Wednesday, 11 November 2009

Electric Confusion

books080 A plague has invaded my television set. This comes as a natural side effect of enduring commercial daytime programming on “digital” channels. It is also something that is beginning to overflow into “peak time” on the “normal” channels.

I am, of course, referring to those God-awful sponsorship spots that appear three minutes into a television show at the first commercial break, then again three minutes later when the programme returns, and every three minutes thereafter until a final, double-length, in-your-face version at the end of the show just to remind you about the service if you happen to have forgotten (or ignored) the others. Like the recent trend in 90-second news updates, these spots are, to coin a phrase, televisual acne.

The latest channel to break out in such acne is Alibi, which shows police and crime television from days gone by. Daytime programming on this channel now appears to be sponsored by Confused.com which has something to do with car insurance, so I’m not sure why this should be relevant to me when I’m watching repeats of The Bill and Shoestring (aside from the fact that I do not have, and never have had, a car).

It is the most irritating promotion I have ever witnessed on television and involves groups of supposedly “normal” people sitting in odd positions in their living rooms with even odder expressions on their faces. They try - and generally fail - to speak in unison, telling me they I should look for some car insurance at Confused.com.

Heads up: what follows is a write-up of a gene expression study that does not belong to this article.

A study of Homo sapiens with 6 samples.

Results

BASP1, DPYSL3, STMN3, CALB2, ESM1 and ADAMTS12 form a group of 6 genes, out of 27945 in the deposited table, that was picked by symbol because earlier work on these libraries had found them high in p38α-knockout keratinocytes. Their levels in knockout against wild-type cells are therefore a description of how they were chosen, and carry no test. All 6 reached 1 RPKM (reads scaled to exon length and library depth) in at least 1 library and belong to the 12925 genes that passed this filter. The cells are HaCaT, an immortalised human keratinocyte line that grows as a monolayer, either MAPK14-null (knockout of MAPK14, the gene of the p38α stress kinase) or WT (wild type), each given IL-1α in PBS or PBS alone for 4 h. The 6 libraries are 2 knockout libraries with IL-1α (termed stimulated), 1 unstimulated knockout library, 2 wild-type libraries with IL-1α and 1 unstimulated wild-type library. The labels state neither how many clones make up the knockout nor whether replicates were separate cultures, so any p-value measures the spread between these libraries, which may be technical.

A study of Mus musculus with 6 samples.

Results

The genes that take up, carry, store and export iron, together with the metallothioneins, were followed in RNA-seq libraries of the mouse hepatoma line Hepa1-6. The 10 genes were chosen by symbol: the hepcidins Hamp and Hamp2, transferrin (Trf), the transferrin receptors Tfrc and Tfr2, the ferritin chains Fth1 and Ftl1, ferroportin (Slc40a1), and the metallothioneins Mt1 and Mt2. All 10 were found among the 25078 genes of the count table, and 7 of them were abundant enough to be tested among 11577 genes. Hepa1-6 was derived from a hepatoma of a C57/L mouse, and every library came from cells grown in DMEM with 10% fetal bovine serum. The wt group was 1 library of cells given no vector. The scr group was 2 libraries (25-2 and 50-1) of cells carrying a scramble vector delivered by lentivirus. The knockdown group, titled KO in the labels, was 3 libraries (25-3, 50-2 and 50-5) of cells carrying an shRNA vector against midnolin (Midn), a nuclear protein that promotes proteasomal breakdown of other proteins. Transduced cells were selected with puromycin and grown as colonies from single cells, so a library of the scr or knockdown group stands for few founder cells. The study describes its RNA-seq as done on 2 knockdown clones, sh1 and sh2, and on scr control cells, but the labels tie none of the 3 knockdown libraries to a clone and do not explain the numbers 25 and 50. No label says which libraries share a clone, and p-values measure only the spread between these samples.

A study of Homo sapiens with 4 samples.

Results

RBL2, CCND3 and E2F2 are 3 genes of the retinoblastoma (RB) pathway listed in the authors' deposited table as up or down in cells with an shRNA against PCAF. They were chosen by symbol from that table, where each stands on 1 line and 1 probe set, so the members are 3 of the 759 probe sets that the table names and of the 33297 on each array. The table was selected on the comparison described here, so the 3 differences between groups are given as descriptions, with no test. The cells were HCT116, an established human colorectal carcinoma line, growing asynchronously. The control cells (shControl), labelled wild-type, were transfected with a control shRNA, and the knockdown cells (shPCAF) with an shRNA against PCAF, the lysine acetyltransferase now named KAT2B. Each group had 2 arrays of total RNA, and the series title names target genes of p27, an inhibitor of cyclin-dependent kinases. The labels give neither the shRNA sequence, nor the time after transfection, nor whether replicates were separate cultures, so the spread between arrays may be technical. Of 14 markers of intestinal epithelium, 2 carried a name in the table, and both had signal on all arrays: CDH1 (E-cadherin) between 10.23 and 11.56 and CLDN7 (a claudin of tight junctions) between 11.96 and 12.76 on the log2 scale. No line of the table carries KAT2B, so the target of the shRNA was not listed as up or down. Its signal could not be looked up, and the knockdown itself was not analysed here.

They then do something which, if I hear it one more time, is likely to cause me (or anyone else for that matter) to shove a very large foot into the screen. It goes like this:
“Daytime on Alibi sponsored by Confused dot com. The choice is clear. Yeeeeeeeeeeeeeeeeeeeeeeeeeeeeeeeeeeeeeeeeeeeeeeeeeeeeeeeeeeeeey!”
What is clear to me is that I actually have no choice but to witness these morons laughing hysterically at their own self delusion that they have now reached celebrity status, before being left to carry on enjoying the adverts in peace.

What is even more irritating about these spots is that the people in them aren’t particularly good looking. I am a firm believer that, when it comes to television, there should be a formalised industry equation which dictates the inverse ratio between annoyance and aesthetics. In other words, the least I expect from my television is for it to give me something pleasant to look at. I hear on the grapevine that someone’s intending to bring back Miss World to our screens. Yeeeeeeeeeeeeeeeeeeeeeeeeeeeey!